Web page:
Saturday, October 26, 2013

The week’s non-news: Emanuel endorses gov for re-election

A great big yawn was about the only reaction I could feel when I learned of the reports that Mayor Rahm Emanuel WILL offer his support to Gov. Pat Quinn’s upcoming bid for re-election.

QUINN: Knows who his friends are
Emanuel said so to Crain’s Chicago Business, where the Associated Press then picked up on the report – disseminating it into little space-filling briefs that appeared in newspapers across the state.

CONSIDERING THAT QUINN appears to be the only candidate of consequence who will seek the Democratic Party’s nomination for governor in the 2014 election cycle, what choice does Emanuel really have?

The fact that Emanuel said he and Republican gubernatorial hopeful Bruce Rauner have serious disagreements about politics and government’s role in our society doesn’t mean that the two are in a mortal feud that cannot be resolved.

The two are friends of a sort, because Emanuel is the type of Democrat who has his comfort level with the corporate set and doesn’t view them as life-long enemies.

If anything, Emanuel has always had his problems with the segment of the Democratic Party that relies on their government officials to defend their liberal social ideals.

JUST AS RAUNER’S problems in the primary is going to come from the large swath of GOP voters who want to have elected officials who will turn the government into an entity that will uphold their socially conservative ideals over all other people in our society.

The fact that the two men use differing political labels (the “D” versus the “R”) doesn’t mean they wouldn’t find ways to work together. A “Mayor Emanuel” may well find he’s more comfortable with a “Governor Rauner” than he has ever been with Quinn.

But the mayor is giving the official backing to Quinn because of the party label.

EMANUEL: Backing Quinn publicly. But privately?
But it is just talk if it doesn’t come with the mayor using his political muscle and strategically conniving mind to come up with ways to turn out the Chicago vote en masse for Quinn.

WE COULD EASILY get an election cycle where Emanuel doesn’t do a thing to undermine a Rauner campaign – which could result in it having a chance to gain support against a Quinn re-election bid!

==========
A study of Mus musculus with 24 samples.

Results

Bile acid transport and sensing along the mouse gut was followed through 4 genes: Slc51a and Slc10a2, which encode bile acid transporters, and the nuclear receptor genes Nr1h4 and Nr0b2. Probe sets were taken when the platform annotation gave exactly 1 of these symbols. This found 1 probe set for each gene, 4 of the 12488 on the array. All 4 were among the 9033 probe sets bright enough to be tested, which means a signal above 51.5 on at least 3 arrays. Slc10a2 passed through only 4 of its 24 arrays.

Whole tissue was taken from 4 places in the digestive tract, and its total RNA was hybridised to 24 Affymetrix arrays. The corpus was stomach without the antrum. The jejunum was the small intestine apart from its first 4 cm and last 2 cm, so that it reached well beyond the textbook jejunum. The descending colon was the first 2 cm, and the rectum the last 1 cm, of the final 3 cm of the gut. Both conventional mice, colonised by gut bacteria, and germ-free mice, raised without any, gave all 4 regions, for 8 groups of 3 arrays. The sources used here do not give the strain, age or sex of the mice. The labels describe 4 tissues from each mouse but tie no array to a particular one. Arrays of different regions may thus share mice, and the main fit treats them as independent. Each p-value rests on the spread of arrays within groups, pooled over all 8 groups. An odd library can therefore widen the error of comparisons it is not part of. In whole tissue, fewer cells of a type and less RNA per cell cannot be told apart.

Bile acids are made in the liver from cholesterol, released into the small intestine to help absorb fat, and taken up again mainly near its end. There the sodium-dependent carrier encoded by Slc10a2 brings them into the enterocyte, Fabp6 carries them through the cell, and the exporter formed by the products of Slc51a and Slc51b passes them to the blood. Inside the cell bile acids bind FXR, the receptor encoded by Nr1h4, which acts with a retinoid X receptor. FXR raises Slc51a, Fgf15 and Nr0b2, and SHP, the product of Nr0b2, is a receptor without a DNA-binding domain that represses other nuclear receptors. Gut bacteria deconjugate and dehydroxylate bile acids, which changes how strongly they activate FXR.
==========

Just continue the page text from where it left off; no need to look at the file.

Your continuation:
It is kind of reminiscent of the 1998 election cycle in which then-Congressman Glenn Poshard got the Democratic Party nomination for governor, but never erased the public perception that then-Mayor Richard M. Daley was more comfortable dealing with George Ryan – who went on to win that particular election.

Could Quinn get the same private undermining that Poshard got? He barely won a majority of the Chicago vote for governor, which allowed Ryan to prevail with the more traditional vote in GOP-leaning parts of the state!

Now Quinn and Poshard are hardly alike. Ryan and Rauner also are extremes.

BUT THE POINT being that an endorsement proves the accuracy of the axiom “Talk is Cheap!” Just because Emanuel publicly says he’s not opposed to Quinn does not mean he really is all that enthused with the idea of having him as governor for the rest of his time as mayor.

For Emanuel definitely seems to view the political set-up the way other public officials do – that state government is meant to be subservient to the interests of local government and that a governor ought to be interested in propping up Chicago so that its problems don’t spread over to the state as a whole!

On casinos alone, Quinn has been unacceptable to that viewpoint.

It’s also good to see that Quinn seems to realize that his allegiance with Emanuel only goes so far.

FOR IT WAS reported on Friday that the governor has a new person on his staff to help deal with communications and his public image.

RAUNER: Emanuel's real backing?
That person is Stephanie Gadlin, who until now has been the spokeswoman for the Chicago Teachers Union. As on the public mouthpiece for union boss Karen Lewis – the outspoken (in her own right) critic who has made her distaste for Emanuel well known.

I’m sure a lot of the things that Gadlin has said publicly about Emanuel were influenced by her employer.

But if Emanuel’s support for Quinn turns out to be fairly lame, at least the governor will have someone on his payroll (whether the state or the campaign) who won’t blush at the thought of saying something nasty about Rahm-bo.